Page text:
I'm trying to manage a hydraulic pump using an Arduino microcontroller. The hydraulic pump is controlled by a Hydraforce 4000165 Proportional valve controller that outputs current to the pump based on a VDC input 0-10VDC.
I need a way (or device) that can take a digital signal from the Arduino and convert it to a voltage 0-10VDC to maange the pump controller. The input resistence of the pump controller is 225Kohm so the device needs to supply up to about 50 mircoamps.
This doesn't need to be high frequency (maybe 5 cycle/ second) or many increments of voltage (could probably do with outputting control coltages in 1V steps for at total of 11 steps between (0 and 10V).
The first thing that comes to mind would be a digital potentiometer. As long as you can provide a 10V source, it should work fine. Based on your requirements, I would suggest about 100k value. Here is a possibility.
The source impedance of the digital pot must be much less than the input impedance of
the controller or else you will lose a significant part of the signal in the source. A 100k
pot will not work for a load impedance of 225k. A simple fix is to use a rail-to-rail op
amp connected for unity gain between the pot and controller. I like the LMC6482 for this
If you don't want to mess with a SPI interface, you might try something like the
MAX7524. This has an 8 bit input, but you can drive the high 4 bits directly from
the microprocessor and ground the low 4 bit inputs to get 16 analog voltage steps.
This chip will probably also require a buffer amp. See the application notes.
Mike, thank you very much. I built micro controller/ digital devices in the early nineties and now i've volunteered to help some local high school kids build a project. It's proving to be a little harder to bring it all back from the memory banks than I expected.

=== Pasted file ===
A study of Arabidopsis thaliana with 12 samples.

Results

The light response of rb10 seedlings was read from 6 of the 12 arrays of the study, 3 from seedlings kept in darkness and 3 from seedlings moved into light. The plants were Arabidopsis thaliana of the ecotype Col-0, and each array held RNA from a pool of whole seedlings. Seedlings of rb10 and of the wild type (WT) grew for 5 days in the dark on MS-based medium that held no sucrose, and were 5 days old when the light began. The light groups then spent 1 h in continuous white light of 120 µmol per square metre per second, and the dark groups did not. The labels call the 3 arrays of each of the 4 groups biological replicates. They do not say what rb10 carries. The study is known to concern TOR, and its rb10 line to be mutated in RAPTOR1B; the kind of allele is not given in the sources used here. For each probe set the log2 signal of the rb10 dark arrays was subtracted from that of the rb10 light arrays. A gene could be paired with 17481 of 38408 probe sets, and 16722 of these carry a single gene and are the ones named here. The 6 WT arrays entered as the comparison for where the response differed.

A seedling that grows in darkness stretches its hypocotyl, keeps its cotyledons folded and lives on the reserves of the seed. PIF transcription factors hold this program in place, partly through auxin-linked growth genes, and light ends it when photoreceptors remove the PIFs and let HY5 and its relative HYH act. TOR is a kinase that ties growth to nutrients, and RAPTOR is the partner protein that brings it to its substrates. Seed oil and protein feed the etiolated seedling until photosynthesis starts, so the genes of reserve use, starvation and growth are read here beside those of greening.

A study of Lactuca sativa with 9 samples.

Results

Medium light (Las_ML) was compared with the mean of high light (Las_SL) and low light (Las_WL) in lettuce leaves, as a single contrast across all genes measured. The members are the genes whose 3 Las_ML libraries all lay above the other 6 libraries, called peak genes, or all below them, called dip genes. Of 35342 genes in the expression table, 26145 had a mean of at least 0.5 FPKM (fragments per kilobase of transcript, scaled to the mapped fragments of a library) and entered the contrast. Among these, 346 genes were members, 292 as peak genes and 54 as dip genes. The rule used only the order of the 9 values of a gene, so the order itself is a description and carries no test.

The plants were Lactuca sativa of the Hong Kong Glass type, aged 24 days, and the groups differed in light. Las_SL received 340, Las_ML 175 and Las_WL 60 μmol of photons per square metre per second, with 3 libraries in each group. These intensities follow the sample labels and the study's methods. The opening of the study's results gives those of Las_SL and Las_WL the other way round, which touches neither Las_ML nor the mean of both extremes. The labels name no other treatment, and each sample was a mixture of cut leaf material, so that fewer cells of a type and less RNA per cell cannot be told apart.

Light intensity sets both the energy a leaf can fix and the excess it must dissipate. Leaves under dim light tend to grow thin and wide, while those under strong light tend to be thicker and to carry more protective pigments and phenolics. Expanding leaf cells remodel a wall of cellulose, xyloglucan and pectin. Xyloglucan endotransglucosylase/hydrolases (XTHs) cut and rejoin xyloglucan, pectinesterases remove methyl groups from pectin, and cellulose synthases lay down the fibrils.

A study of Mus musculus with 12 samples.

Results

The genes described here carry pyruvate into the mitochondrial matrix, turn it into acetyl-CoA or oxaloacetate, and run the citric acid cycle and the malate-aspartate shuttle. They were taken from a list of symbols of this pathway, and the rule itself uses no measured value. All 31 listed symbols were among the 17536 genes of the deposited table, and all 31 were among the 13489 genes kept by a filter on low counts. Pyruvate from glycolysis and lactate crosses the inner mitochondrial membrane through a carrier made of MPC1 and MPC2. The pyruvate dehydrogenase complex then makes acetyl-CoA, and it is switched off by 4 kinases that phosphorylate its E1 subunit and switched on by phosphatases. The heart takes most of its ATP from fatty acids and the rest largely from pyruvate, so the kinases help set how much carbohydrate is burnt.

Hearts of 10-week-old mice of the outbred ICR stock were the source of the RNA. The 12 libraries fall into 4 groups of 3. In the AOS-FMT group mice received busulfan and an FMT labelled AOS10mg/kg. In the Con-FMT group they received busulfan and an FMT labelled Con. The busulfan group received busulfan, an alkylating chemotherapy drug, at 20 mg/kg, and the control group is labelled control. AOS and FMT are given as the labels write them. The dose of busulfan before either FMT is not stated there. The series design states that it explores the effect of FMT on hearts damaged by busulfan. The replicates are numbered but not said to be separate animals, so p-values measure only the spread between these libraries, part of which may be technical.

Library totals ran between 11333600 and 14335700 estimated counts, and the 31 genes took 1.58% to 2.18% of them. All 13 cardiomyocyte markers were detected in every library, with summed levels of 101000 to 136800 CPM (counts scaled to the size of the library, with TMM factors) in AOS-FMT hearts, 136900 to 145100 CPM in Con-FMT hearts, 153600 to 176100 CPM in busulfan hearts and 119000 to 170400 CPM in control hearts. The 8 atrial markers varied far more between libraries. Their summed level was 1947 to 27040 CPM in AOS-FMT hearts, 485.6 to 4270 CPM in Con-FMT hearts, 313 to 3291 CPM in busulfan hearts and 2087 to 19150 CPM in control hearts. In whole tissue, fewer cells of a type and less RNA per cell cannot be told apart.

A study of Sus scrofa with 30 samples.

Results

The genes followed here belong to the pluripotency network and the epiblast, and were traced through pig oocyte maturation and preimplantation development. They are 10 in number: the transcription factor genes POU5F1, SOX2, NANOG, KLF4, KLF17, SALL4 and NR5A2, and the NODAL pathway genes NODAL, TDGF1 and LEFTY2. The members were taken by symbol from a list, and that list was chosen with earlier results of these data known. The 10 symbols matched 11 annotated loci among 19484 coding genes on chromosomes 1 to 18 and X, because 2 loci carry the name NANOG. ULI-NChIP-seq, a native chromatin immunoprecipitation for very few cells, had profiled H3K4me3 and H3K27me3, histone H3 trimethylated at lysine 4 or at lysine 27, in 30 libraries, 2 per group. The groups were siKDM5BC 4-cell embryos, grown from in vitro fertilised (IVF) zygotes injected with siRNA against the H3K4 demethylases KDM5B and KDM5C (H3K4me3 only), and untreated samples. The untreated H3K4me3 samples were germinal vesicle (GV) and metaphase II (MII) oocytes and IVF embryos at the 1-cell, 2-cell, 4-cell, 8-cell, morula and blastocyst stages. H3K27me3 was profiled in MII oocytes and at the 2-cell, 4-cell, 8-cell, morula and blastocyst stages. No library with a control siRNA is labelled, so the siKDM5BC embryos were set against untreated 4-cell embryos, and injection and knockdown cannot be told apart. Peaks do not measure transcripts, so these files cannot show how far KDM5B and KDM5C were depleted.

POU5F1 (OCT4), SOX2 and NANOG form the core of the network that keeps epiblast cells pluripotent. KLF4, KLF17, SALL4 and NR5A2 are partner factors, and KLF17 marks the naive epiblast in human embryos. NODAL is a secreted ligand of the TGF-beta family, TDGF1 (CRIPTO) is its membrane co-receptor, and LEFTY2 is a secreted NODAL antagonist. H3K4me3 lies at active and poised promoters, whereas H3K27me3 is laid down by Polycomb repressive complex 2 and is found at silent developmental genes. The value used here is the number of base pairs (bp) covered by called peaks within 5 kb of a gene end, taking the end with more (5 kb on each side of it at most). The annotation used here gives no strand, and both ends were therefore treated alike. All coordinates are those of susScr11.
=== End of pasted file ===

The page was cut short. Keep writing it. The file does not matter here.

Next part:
Yes, I'd prefer this to be as simple as possible and don't want to deal with an SPI. I don't remember how a pot works well enough to understand the significnce of the 100K digital pot versus the 10K and 50K ohm that are also available.
Your suggestion of a DAC (you wrote MAX7524, which I presume you meant MX7524) seems like a great idea.
Question: the note for this device state "In applications requiring voltag output, an output operational amplifier and reference will be needed". Is that what you mean by a "buffer amp" or is the buffer amp something different? If the op amp and the buffer amp or the same, then would you recoommend the LMC 6482 for the MX7524 as well?
Thank you very much-
Yes, I meant MX7524 (or MAX7624). The buffer amp and op amp are the same, shown as "A1"
in "Typical Operating Circuit" on the MX7524 data sheet. Vref, Vdd and the amp supply
voltage should all be +10V for your application, and connect -CS and -WR to ground
to make the output continously follow the digital inputs. You will not need R1 or R2 or
the 10 pF capacitor, just connect the op amp output back to Vfeedback on the MX7524.